THIS STORY HAS BEEN FORMATTED FOR EASY PRINTING

Key aide in 'Charlie Wilson's War' widens his battle against terrorism

Email|Print| Text size + By Ann Scott Tyson
The Washington Post / December 29, 2007

WASHINGTON - In the Pentagon's newly expanded Special Operations office, a suite of sterile gray cubicles on the "C" ring of the third floor, Assistant Defense Secretary Michael Vickers is working to implement the US military's highest-priority plan: a global campaign against terrorism that reaches far beyond Iraq and Afghanistan.

The wide-ranging plan details the targeting of Al Qaeda-affiliated networks around the world and explores how the United States should retaliate in case of another major terrorist attack. The most critical aspect of the plan, Vickers said in a recent interview, involves US Special Operations forces working through foreign partners to uproot and fight terrorist groups.

Vickers's job also spans the modernization of nuclear forces for deterrence and retaliation, and the retooling of conventional forces to combat terrorism - a portfolio so expansive that he and some Pentagon officials once jokingly referred to his efforts as the "take-over-the-world plan," one official said.

Vickers, a former Green Beret and CIA operative, was the principal strategist for the biggest covert program in CIA history, the paramilitary operation that drove the Soviet army out of Afghanistan in the 1980s. The movie "Charlie Wilson's War," released last weekend, portrays Vickers in that role, in which he directed an insurgent force of 150,000 Afghan fighters and controlled an annual budget of more than $2 billion in current dollars.

Today, as the top Pentagon adviser on counterterrorism strategy, Vickers exudes the same assurance about defeating terrorist groups as he did as a 31-year-old CIA paramilitary officer assigned to Afghanistan, where he convinced superiors that with the right strategy and weapons, the ragtag Afghan insurgents could win. "I am just as confident or more confident we can prevail in the war on terror," Vickers, 54, said in a recent interview, looking cerebral behind thick glasses but with an energy and build reminiscent of the high school quarterback he once was.

Vickers joined the Pentagon in July to oversee the 54,000-strong Special Operations Command (Socom), based in Tampa, Fla., which is growing faster than any other part of the US military. Socom's budget has doubled in recent years, to $6 billion for 2008, and the command is to add 13,000 troops to its ranks by 2011.

Senior Pentagon and military officials regard Vickers as a rarity - a skilled strategist who is both creative and pragmatic. "He tends to think like a gangster," said Jim Thomas, a former senior defense planner who worked with Vickers. "He can understand trends, then change the rules of the game so they are advantageous for your side."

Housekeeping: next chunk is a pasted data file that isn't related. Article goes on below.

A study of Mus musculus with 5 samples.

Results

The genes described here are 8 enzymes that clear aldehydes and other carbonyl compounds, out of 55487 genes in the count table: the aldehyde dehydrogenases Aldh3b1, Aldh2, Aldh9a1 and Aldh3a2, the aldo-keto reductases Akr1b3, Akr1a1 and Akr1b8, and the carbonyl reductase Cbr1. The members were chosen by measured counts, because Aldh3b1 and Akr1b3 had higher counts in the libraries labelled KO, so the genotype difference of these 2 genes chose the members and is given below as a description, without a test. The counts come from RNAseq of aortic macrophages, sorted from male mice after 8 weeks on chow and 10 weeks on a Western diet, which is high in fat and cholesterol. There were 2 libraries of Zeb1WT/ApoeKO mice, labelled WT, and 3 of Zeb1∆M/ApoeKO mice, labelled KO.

Vickers's outlook was shaped in the CIA and Special Forces, which he joined off the street through a "direct enlistment" program in 1973. In the 10th Special Forces Group, he trained year-round for a guerrilla war against the Soviet Union. One scenario he prepared for: to parachute into enemy territory with a small nuclear weapon strapped to his leg, and then position it to halt the Red Army.

Vickers recalled that the nuclear devices did not seem that small, "particularly when you are in an aircraft with one of them or it is attached to your body." Was it a suicide mission? "I certainly hoped not," Vickers said.

An expert in martial arts, parachuting, and weapons, and second in his class at Officer Candidate School, Vickers was also fluent in Czech and Spanish, which made him overqualified when he joined the CIA's paramilitary unit in 1983. Soon after, he received a citation for combat in Grenada.

But Vickers's greatest influence was in the clinically precise way he reassessed the potential of Afghan guerrilla forces and prescribed the right mix of weaponry to attack Soviet weaknesses. This brash plan to create a force of "techno-guerrillas" able to fight year-round called for exponentially more money, which through sheer force of logic Vickers was able to obtain.

Today Vickers's plan to build a global counterterrorist network is no less ambitious. The plan is focused on a list of 20 "high-priority" countries, with Pakistan posing a central preoccupation for Vickers, who said Al Qaeda sanctuaries in the country's western tribal areas are a serious threat to the United States. The list also includes Saudi Arabia, Lebanon, the Philippines, Yemen, Somalia, and Iran, and Vickers hints that some European countries could be on it. Beyond that, the plan covers another 29 "priority" countries, as well as "other countries" that Vickers does not name.

"It's not just the Middle East. It's not just the developing world. It's not just nondemocratic countries - it's a global problem," he said.

With just over one year left in the Bush administration, Vickers is impatient with bureaucratic infighting within the military and between the Pentagon and other agencies, current and former officials said. One official noted that it took Socom about three years to write the counterterrorism plan, and two years for the administration to approve a classified "execute order" against Al Qaeda.

Vickers, who has advised President Bush on Iraq strategy, is convinced that more US troops are not enough to solve the conflict in Iraq and that working with local forces is the best long-term strategy for both Iraq and Afghanistan.

Working with proxy forces will also enable the United States to extend and sustain its influence, something it failed to do in Afghanistan, he said. "After this great victory and after a million Afghans died, we basically exited that region and Afghanistan just spun into chaos," he said.

"It's imperative that we not do that again," he said.